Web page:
Punters have switched from ‘Scotch’ to ‘Whiskey’ in next Saturday night’s Group 2 Warragul Toyota Cup (460m).

Star sprinter Whiskey Riot catapulted to the head of betting markets following glamour greyhound Hooked On Scotch’s shock withdrawal from the final due to injury.

A winner of the $435,000-to-the-winner Group 1 Melbourne Cup at Sandown in late November last year, Whiskey Riot – trained at Rowsley by Anthony Azzopardi – has now been installed as $2.50 race favourite on TAB Fixed Odds.

WATCH: Whiskey Riot (2) takes out a G2 Warragul Cup heat in 25.46sec.

Whiskey Riot is striving to become the third greyhound in four years to land the Melbourne Cup-Warragul Cup double – Aston Dee Bee (2017/18) and Ando’s Mac (2016/17).

Ironically, his close mate – leading NSW trainer Jason Mackay – achieved the feat with Ando’s Mac. Mackay stayed with Azzopardi during that Victorian campaign.

“It would be fantastic to emulate a very close friend… I’ve known him (Mackay) for more than 20 years,” Azzopardi said.

Azzopardi relocated to Victoria from Shanes Park, on the outskirts of Penrith in Western Sydney, in early 2016. And four years later says he has no regrets with the move.

“Victorian greyhound racing is a very professional outfit… For starters, the tracks are a lot better; it gives young greyhounds every opportunity,” Azzopardi said. “I just like the whole setup, it’s the best state for greyhound racing; the top echelon.”

Azzopardi looked up to the heavens as Whiskey Riot crossed the line in the Melbourne Cup, dedicating the victory to his late father Charlie who passed away aged 69 due to lung failure in 2001.

And you can expect a repeat show of emotion if Whiskey Riot claims the $47,000-to-winner Warragul Cup, which would increase his stakes to $686,810.

“Dad was my mentor in life and greyhound racing… He was an amazing man,” Azzopardi said. “We have nine siblings in the family (7 boys; 2 girls) and he loved us all.”

Azzopardi said his father “treated us all the same” and always emphasised the importance of a rock solid, close-knit family. “We could never go to bed with any family issues, it had to be resolved there and then.”

“He never stopped trying to teach us things, especially working hard for everything you get in life. His last words to me were, ‘I’ve had such a great life… I have a fantastic wife (Georgina) and family. I’m dying a happy man’,” Azzopardi said.

“I wear a chain around my neck in his memory, and there’s not a day I don’t think about him. He was, and always will be, my hero,” he added.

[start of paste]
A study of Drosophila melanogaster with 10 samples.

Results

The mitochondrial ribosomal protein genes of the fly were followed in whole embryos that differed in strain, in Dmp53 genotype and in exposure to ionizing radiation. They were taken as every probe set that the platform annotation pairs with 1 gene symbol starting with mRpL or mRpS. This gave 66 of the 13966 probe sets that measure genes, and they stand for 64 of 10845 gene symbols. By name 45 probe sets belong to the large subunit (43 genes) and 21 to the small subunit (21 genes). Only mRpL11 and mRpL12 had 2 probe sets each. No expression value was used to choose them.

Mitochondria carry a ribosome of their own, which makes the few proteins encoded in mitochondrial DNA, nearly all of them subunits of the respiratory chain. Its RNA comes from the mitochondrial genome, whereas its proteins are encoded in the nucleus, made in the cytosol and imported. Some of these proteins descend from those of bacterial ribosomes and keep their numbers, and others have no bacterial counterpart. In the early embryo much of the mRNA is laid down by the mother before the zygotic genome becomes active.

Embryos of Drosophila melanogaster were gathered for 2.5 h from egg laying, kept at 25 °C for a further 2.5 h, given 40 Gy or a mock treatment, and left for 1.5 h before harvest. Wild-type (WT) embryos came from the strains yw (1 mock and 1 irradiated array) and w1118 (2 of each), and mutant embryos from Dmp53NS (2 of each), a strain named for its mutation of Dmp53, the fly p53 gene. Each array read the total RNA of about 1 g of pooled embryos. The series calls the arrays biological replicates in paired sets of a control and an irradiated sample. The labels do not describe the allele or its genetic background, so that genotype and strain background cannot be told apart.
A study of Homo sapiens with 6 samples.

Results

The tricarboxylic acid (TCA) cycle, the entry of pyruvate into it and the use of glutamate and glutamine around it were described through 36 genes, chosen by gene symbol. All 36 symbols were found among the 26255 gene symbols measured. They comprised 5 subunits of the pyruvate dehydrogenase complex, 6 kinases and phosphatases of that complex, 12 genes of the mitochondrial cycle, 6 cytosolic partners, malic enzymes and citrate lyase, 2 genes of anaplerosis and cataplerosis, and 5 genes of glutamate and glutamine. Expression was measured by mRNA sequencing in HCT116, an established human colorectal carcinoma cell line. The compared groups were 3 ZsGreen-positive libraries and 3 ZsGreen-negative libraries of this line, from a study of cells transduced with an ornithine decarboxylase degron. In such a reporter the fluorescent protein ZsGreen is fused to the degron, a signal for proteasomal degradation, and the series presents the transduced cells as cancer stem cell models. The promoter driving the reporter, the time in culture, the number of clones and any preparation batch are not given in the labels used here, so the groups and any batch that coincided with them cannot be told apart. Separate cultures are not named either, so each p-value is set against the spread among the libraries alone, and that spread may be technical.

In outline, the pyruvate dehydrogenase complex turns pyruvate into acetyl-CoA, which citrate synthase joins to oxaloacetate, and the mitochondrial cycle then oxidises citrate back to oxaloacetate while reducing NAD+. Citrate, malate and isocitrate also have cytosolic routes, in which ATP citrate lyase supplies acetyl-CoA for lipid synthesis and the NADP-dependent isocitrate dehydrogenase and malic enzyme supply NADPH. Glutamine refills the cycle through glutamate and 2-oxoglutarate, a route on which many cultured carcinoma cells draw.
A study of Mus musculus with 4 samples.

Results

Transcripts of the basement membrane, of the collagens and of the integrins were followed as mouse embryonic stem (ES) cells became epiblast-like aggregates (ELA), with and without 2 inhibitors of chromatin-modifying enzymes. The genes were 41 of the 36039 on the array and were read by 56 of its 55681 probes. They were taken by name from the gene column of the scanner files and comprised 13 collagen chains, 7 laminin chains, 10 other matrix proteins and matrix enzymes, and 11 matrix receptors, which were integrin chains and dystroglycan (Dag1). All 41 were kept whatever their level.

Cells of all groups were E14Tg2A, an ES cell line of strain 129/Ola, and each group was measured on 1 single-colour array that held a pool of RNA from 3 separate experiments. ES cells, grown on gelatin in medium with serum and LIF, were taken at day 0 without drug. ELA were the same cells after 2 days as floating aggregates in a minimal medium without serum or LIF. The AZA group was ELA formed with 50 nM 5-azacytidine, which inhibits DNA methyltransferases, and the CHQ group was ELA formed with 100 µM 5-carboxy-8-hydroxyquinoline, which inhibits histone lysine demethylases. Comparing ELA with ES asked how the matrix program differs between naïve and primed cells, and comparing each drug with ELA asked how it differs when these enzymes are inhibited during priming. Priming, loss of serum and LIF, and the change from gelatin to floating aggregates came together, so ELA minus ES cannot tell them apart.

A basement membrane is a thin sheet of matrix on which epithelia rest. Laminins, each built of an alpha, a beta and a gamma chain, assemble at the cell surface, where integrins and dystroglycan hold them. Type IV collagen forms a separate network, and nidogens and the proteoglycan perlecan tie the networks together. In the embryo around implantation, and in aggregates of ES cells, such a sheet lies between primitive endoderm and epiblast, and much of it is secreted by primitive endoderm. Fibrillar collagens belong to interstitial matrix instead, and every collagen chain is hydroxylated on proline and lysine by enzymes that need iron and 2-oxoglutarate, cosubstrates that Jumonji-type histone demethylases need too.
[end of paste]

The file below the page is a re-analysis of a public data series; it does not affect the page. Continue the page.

A winner of 18 races (with 11 seconds and two thirds) from 38 starts, Whiskey Riot broke his G1 jinx when he defeated Western Envoy and his nemesis Hooked On Scotch in the Melbourne Cup.

He had previously finished second to Hooked On Scotch in the Adelaide Cup, second to Sennachie in the Maturity Classic, and third to Get It Gizmo in the Topgun. He was also third to Hooked On Scotch in the G3 Shootout.

And Azzopardi says the seven-time group race finalist, who recently finished second to Western Envoy in the G2 Ballarat Cup, has become “a real professional”.

“You need to pick and choose your races, and practice makes perfect… He’s been constantly meeting the top brass and that’s improved him,” Azzopardi said.

He added: “He’s really in the race now… He’s a real big contender. I’d like to see him win a few more group races and then retirement to stud beckons.”

Whiskey Riot won his Warragul Cup heat in 25.46sec but Hooked On Scotch was the fastest qualifier for the final, posting a near-record 25.34sec in his heat. Unfortunately, he sustained a stopper ligament injury in the catching pen shortly after passing the winning post.

It was a cruel blow for his Pearcedale trainer Jason Thompson, a fact not lost on Azzopardi.

“It’s terrible… We’ve all been there,” Azzopardi said. “He (Hooked On Scotch) was a certainty in the race, as far as I’m concerned. Hopefully it’s not the end of his race career.”

He added: “It’s really bad news. In fact, it’s a shame as he’s a crowd puller… He’s a true Brett Lee, if not the next Fernando Bale. He’s in that category!”

Peter Quilty
About Peter Quilty - Has more than three decades of experience as assistant editor of Victorian Greyhound Weekly. He was editor of GRV monthly magazine The Adviser (2001-09) and owner/publisher of Australian Greyhound Monthly. He also served on the selection panel for the inaugural GRV ‘Hall of Fame’ inductees and for several years was an adjudicator on the Victorian GOTY. He’s also published greyhound racing yearbooks and wrote the ‘Bold Trease’ video script.